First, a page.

News ruffling feathers around the Western Cape has been the sudden rise of avian influenza, a particularly nasty strain classified as H598.

The good news is that humans can’t catch it, the bad news is you better put all your roosters in a row and collect your eggs in one basket.  South African Poultry Association spokesman, Achmad Brinkhuis, has confirmed that 80% of the Western Cape’s twenty egg producers have been affected by the outbreak.

“If the demand is there and the supply is not, the prices will obviously go up but it depends on the retailers themselves.” he said.
Managing director of Windmeul Eggs, Pier Passerini, told the media that “We have lost 80% of our production and the last 20% is also in jeopardy”.

In Italy more than 865 000 chickens, ducks and turkeys will be culled due to the outbreak of H598. Symptoms of the virus include respiratory problems and diarrhoea – followed by rapid death. With its origins in Europe and Asia, the strain has literally flown to South Africa, spreading with the patterns of migratory birds. Locally, the outbreak of the virus has been traced back to June, when over two million birds were killed and 70% of regular egg supply was affected in the Western Cape. Meanwhile, in Johannesburg it has spread throughout the metro and surrounds with one egg farm in Boksburg even ceasing operations.

But it’s not just egg and poultry supplies which are being affected – our biodiversity is at stake too. Bird Life SA has confirmed the severity of the outbreak, confirming that the highly-endangered White-Winged Flufftail is at the most risk of becoming extinct. Only 250 of these birds exist in the wild globally, with 50 of these left in South Africa. There is a “real risk” if the species is infected with the virus.

 

South African Poultry Association spokesman, Achmad Brinkhuis, has confirmed that 80% of the Western Cape’s twenty egg producers have been affected by the outbreak. “If the demand is there and the supply is not, the prices will obviously go up but it depends on the retailers themselves.” he was quoted as saying. Managing director of Windmeul Eggs, Pier Passerini, told the media that “We have lost 80% of our production and the last 20% is also in jeopardy.”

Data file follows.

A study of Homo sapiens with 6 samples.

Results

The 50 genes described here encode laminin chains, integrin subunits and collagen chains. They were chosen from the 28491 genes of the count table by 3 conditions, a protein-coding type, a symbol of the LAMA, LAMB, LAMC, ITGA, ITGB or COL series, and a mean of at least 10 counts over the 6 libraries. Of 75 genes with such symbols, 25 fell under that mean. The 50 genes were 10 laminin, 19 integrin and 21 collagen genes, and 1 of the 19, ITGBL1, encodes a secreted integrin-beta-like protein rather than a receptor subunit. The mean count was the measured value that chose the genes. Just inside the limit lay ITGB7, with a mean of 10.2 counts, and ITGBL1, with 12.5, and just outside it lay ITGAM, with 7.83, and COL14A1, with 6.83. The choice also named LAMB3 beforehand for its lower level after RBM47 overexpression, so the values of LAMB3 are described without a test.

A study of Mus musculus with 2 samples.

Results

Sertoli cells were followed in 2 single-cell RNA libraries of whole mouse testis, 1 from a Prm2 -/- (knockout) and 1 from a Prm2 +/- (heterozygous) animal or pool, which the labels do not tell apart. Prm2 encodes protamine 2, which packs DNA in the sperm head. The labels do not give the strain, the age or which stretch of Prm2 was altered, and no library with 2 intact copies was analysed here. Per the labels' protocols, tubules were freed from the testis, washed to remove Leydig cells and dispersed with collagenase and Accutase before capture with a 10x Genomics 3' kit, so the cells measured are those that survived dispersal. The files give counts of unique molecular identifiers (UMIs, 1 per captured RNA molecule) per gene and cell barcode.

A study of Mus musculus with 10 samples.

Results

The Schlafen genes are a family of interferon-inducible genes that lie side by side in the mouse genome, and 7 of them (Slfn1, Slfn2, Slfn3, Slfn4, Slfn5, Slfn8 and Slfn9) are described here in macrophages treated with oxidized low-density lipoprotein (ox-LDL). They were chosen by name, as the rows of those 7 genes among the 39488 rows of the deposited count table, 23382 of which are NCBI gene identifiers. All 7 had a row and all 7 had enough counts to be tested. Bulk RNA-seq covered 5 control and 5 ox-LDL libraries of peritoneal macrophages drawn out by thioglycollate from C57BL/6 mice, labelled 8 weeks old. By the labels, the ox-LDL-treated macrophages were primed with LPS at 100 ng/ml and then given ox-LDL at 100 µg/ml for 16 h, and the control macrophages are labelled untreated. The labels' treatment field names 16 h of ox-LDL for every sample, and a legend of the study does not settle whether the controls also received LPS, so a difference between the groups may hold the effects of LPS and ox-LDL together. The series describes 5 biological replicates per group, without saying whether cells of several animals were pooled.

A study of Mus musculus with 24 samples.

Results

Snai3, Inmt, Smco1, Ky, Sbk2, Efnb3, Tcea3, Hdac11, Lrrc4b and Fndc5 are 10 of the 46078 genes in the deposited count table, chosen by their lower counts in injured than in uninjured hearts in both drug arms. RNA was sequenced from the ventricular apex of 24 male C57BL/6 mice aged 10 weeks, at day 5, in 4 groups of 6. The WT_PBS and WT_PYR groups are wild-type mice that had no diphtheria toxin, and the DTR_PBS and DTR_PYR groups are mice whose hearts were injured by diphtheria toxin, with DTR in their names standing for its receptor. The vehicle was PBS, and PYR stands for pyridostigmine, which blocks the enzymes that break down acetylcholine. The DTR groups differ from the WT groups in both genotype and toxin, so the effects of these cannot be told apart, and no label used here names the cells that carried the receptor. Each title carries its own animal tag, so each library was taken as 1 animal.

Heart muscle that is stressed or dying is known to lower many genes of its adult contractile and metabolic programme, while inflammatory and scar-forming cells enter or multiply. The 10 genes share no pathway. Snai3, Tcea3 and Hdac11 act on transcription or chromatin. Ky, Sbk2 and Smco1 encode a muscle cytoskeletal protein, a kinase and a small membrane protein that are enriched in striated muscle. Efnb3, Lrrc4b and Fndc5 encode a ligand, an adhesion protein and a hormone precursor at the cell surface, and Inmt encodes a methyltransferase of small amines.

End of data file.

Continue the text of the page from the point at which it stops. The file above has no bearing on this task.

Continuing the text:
Expect prices to get eggspensive everywhere when shopping for eggs, with chefs throughout Cape Town and surrounds taking to social media to obtain supplies of eggs in light of the shortage.

“We can expect huge increases in the next few months and that is a big concern for us. Coming off two droughts we will see a leap in food prices and now animal food prices will go up in the immediate term.” said Department of Agriculture economist Louw Pienaar.

Expect prices to get eggspensive everywhere, with chefs throughout Cape Town and surrounds taking to social media to stock up supplies of eggs in light of the shortage.

Residents are urged to not to attempt to feed or resuscitate sick birds.

 

Photography Unsplash

Article written by

Justin Williams

Justin Williams is a born-and-bred Capetonian with a flair for writing. His icons include the late South African authors Lawrence Green, Eric Rosenthal and T.V. Bulpin, literary figures who continuously inspire him to cover the avenues of lifestyle, travel and nature in a local context. When Justin's not covering a story, he can be found in the mountains - he's a renowned wild food forager and is currently learning herbalism.